Current Challenges To Pre-Hire Screening Procedures

Summary:

The Leprino Foods case highlights the advisability of businesses judiciously determining and documenting in advance the valid business justification for employment screening procedures such as pre-employment tests and background screening and taking other steps to position themselves to defend their procedures for credentialing workers against possible employment discrimination claims.


The Leprino Foods case highlights the advisability of businesses judiciously determining and documenting in advance the valid business justification for employment screening procedures such as pre-employment tests and background screening and taking other steps to position themselves to defend their procedures for credentialing workers against possible employment discrimination claims.

Denver-based and one of the largest producers of mozzarella cheese in the world Leprino Foods has received contracts totaling nearly $50 million from U.S. Department of Agriculture’s Farm Services Agency to provide mozzarella and other dairy products to the federal government since 2005.

The Leprino Foods consent decree settles OFCCP’s allegations that Leprino Foods’ use of a pre-employment test called WorkKeys to select hires for on-call laborer positions illegally discriminated against discrimination against African-American job applicants and applicants of Asian and Hispanic descent.

OFCCP charged Leprino Foods violated Executive Order 11246, which prohibits federal contractors and subcontractors from discriminating on the bases of race, color, religion, sex and national origin in their employment practices. The agency made its findings after a scheduled compliance review in which OFCCP investigators conducted interviews, analyzed company data and reviewed documents provided by the company. Through this review, OFCCP discovered that the administration of the WorkKeys exam had an adverse impact on minority job applicants for these specific positions. The agency also found that the exam was not job-related, as it tested applicants’ skills in mathematics, locating information and observation — skills that the OFCCP felt were not critical to the entry-level tasks performed by on-call laborers, such as inspecting products, monitoring equipment and maintaining sanitation at the facility.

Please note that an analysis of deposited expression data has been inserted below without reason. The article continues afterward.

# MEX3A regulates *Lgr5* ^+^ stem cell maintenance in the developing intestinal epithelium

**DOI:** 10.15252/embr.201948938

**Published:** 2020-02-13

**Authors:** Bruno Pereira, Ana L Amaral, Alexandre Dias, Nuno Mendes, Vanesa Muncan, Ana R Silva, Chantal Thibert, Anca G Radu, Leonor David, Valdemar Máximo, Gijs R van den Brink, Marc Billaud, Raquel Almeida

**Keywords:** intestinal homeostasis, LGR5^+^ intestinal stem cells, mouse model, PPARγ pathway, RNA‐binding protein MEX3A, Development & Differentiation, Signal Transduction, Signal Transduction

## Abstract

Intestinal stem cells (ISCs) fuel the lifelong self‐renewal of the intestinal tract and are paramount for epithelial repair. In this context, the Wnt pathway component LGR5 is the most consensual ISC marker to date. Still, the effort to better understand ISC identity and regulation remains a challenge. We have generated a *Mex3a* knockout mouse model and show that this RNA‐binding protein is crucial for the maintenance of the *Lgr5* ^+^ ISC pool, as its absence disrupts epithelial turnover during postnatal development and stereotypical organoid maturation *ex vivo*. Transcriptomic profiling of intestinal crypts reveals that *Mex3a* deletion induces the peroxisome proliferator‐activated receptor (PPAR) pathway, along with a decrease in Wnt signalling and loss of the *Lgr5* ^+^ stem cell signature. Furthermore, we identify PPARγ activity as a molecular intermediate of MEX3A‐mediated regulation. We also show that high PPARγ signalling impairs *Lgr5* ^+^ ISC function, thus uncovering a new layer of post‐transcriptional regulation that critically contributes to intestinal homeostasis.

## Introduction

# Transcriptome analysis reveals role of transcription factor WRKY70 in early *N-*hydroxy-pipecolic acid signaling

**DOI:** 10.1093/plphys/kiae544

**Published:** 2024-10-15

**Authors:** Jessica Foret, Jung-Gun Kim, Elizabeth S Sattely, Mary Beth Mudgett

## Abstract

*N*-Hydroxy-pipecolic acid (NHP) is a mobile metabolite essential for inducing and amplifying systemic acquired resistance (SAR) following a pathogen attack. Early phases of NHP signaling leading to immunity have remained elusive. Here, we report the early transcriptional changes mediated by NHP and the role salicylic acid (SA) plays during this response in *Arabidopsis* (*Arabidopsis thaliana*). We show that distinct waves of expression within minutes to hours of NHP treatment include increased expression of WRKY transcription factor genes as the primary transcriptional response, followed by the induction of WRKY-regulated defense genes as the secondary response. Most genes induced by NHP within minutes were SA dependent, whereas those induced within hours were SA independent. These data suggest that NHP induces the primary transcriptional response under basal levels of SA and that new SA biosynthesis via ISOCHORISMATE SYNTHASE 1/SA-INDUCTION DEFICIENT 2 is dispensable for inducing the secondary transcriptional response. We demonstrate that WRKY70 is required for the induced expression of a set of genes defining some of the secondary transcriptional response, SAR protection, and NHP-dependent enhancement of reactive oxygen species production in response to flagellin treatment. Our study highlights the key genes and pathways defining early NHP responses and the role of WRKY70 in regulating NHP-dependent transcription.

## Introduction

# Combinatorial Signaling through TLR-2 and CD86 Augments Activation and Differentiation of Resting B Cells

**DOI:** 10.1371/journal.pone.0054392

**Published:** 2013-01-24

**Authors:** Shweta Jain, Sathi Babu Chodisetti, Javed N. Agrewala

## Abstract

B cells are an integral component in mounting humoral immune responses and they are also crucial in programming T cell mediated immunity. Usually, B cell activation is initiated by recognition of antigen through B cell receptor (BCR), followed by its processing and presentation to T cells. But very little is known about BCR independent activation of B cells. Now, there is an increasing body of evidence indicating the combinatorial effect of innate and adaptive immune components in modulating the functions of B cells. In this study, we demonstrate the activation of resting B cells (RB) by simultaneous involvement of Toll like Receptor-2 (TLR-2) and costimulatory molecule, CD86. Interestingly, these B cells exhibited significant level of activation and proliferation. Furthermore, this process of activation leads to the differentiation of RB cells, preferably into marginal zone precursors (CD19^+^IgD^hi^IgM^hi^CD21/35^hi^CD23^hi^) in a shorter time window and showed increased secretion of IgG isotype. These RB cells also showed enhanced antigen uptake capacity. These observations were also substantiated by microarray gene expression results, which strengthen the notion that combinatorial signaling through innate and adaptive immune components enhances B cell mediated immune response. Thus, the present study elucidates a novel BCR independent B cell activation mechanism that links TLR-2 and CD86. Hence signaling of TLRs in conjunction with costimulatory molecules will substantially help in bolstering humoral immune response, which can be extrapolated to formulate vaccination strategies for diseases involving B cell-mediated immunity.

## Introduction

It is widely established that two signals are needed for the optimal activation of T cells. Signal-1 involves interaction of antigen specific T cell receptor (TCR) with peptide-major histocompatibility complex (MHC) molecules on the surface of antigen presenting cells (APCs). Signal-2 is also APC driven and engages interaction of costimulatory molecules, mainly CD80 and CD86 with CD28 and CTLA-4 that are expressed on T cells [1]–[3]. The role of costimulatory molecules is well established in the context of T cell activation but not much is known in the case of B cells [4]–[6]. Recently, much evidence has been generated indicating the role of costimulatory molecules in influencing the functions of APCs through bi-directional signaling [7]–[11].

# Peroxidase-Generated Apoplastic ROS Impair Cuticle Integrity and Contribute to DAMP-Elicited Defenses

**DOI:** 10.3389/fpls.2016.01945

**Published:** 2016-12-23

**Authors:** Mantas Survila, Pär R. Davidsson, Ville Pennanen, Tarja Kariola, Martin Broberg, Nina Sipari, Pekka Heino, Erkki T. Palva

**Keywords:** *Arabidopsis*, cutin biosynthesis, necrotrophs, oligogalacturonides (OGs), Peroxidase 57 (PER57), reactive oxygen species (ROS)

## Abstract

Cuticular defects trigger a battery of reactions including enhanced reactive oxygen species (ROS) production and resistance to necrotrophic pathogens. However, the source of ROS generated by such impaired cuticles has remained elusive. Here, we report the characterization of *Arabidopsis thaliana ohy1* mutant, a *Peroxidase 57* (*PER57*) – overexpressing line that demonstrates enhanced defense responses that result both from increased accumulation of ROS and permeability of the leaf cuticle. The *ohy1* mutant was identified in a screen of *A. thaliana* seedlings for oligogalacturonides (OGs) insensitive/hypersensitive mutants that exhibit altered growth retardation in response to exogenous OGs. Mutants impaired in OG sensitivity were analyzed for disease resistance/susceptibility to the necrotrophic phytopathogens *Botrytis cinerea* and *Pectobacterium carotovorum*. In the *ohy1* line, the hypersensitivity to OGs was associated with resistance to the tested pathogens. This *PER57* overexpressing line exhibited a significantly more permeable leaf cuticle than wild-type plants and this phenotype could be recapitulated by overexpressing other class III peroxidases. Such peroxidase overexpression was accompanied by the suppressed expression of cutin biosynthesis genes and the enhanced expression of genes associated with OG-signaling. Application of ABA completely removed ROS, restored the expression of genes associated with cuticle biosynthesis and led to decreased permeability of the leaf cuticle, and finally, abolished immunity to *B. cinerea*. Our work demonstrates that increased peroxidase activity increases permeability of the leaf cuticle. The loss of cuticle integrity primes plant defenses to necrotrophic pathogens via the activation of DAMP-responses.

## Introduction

Under the terms of the consent decree, Leprino will pay $550,000 in back wages, interest and benefits to 253 minority workers who were rejected for on-call laborer positions between January 2005 and October 2006 because they failed the WorkKeys exam. Additionally, the company has agreed to discontinue use of the test for this purpose, hire at least 13 of the original class members, undertake extensive self-monitoring measures and immediately correct any discriminatory practices.

The settlement reminds business leaders of the growing aggressiveness by the Obama Administration in challenging a broad range of pre-hire screening procedures such as pre-employment skills and other testing, background checks or the like. In the face of these enforcement activities, businesses desiring to use these or other screening procedures should take steps to position themselves to defend against likely challenges and scrutiny. As part of these efforts, businesses should exercise care to conduct and retain carefully conducted and well documented analysis of the legitimate business justification for their use of tests, background checks or other credentialing procedures. This analysis and documentation should be conducted prior to the implementation and use of these procedures to minimize the likelihood that the “after acquired evidence rule” or other similar arguments might be used to undermine the admissibility and effectiveness of these business justification arguments. Businesses also should implement procedures to monitor for potential evidence of adverse impact or other improper bias against candidates in protected employment classes by the tests themselves or in their administration and implement well-documented processes to control for such bias.